Local students will be in a battle of the brains as they try to outdo each other to come up with technological solutions to real-world challenges today.
About 50 students from Anglican Church Grammar School (Churchie) and Somerville House will be mentored by minerals and energy professions through engineering challenges around oil and gas wells and minerals sorting.
It’s the first Queensland Minerals and Energy Academy (QMEA) event hosted at Churchie and the first time Somerville House students have taken part in the Beakers.Bots.Build (BBB) workshop.
The industry mentors will also provide insights into their own study and career pathways to help students select their own career pathways.
“These are brand new activities in our BBB workshops, designed to join the dots between classroom learning and its use in the real world,” said Katrina-Lee Jones, Director Skills Education and Diversity with the Queensland Resources Council (QRC).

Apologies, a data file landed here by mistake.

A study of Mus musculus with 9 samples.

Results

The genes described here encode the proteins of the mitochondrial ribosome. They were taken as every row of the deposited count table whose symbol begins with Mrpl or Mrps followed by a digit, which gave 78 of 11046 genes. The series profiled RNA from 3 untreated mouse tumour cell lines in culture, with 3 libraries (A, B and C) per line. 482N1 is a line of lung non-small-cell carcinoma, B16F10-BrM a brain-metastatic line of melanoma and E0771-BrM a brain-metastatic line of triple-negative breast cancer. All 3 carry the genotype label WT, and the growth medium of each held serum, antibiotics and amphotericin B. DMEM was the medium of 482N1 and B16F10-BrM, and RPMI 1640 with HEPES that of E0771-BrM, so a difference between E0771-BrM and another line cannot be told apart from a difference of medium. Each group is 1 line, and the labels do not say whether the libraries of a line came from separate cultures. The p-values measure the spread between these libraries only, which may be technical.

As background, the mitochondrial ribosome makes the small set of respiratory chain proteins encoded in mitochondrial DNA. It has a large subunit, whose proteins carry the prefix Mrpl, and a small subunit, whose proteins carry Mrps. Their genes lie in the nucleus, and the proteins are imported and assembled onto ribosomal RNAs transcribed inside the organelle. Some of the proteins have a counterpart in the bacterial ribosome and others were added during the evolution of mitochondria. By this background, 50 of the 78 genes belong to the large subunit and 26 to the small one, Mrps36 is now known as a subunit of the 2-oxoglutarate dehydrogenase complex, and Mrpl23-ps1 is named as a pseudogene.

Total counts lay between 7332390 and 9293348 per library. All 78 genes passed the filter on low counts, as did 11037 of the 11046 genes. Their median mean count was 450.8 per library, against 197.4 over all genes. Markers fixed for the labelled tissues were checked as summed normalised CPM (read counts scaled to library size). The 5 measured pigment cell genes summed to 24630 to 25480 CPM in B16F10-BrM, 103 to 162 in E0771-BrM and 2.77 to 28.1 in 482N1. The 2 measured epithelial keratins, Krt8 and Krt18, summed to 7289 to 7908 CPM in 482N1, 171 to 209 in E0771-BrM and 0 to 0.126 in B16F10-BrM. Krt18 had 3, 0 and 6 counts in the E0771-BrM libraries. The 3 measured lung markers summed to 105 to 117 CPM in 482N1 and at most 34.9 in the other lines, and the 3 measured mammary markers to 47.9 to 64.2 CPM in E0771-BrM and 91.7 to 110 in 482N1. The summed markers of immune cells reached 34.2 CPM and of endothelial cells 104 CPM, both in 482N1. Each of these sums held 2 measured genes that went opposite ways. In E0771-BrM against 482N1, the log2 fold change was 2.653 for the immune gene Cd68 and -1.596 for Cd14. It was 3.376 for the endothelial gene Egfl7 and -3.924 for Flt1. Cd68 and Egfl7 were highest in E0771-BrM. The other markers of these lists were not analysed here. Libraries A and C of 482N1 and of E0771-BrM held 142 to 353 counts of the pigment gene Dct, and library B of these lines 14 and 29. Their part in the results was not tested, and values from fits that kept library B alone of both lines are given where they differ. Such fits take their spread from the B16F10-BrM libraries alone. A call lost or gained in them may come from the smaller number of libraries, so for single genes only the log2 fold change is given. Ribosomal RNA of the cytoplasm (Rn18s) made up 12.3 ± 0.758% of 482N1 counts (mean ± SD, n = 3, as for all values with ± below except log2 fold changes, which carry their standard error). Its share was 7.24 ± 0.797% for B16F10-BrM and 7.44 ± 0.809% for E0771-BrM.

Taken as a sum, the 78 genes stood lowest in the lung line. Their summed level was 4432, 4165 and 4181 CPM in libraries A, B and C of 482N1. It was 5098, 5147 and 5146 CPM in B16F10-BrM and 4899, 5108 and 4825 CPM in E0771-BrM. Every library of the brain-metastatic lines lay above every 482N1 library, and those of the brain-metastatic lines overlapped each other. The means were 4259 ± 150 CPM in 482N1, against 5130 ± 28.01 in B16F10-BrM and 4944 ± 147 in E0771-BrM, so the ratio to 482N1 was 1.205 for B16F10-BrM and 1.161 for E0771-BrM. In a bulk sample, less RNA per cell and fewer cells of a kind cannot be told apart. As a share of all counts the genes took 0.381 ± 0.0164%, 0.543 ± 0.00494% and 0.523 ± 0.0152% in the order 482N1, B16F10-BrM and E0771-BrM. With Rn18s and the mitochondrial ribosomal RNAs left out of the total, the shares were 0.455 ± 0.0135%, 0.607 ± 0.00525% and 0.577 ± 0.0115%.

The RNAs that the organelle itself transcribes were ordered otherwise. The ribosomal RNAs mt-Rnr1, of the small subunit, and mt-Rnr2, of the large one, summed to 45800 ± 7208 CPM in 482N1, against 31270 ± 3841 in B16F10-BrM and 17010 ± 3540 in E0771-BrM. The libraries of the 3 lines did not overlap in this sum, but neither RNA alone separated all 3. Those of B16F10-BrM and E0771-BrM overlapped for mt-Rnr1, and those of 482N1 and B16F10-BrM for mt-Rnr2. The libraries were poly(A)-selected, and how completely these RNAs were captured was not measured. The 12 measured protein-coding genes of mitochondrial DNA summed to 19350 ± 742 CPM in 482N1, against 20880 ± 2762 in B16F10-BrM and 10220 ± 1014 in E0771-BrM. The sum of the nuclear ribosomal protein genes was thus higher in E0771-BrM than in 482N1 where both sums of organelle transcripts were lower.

“It’s also important for students to understand the many career choices that can follow their science, technology engineering and science (STEM) studies,” she said.
“We thank QMEA sponsors BHP Mitsubishi Alliance, Shell, Downer, Santos and Glencore for enabling their professionals to take part and inspire the students.”
“We are very proud to support this outstanding program, and the results speak for themselves,” said James Palmer, Asset President of the BHP Mitsubishi Alliance.
“It’s critical for students to experience the practical application of their classroom studies, while learning about the range of exciting career opportunities that STEM-related subjects can lead to in mining,” he said.
“We’re delighted to be hosting the students from Somerville House for this challenge and look forward to some great inter-school competition,” said Churchie’s Head of Gifted Education Grant Smith.
“We really value being part of the QMEA and the opportunities it brings for our students, particularly the clarity they can gain through talking to people in roles that they might aspire to,” he said.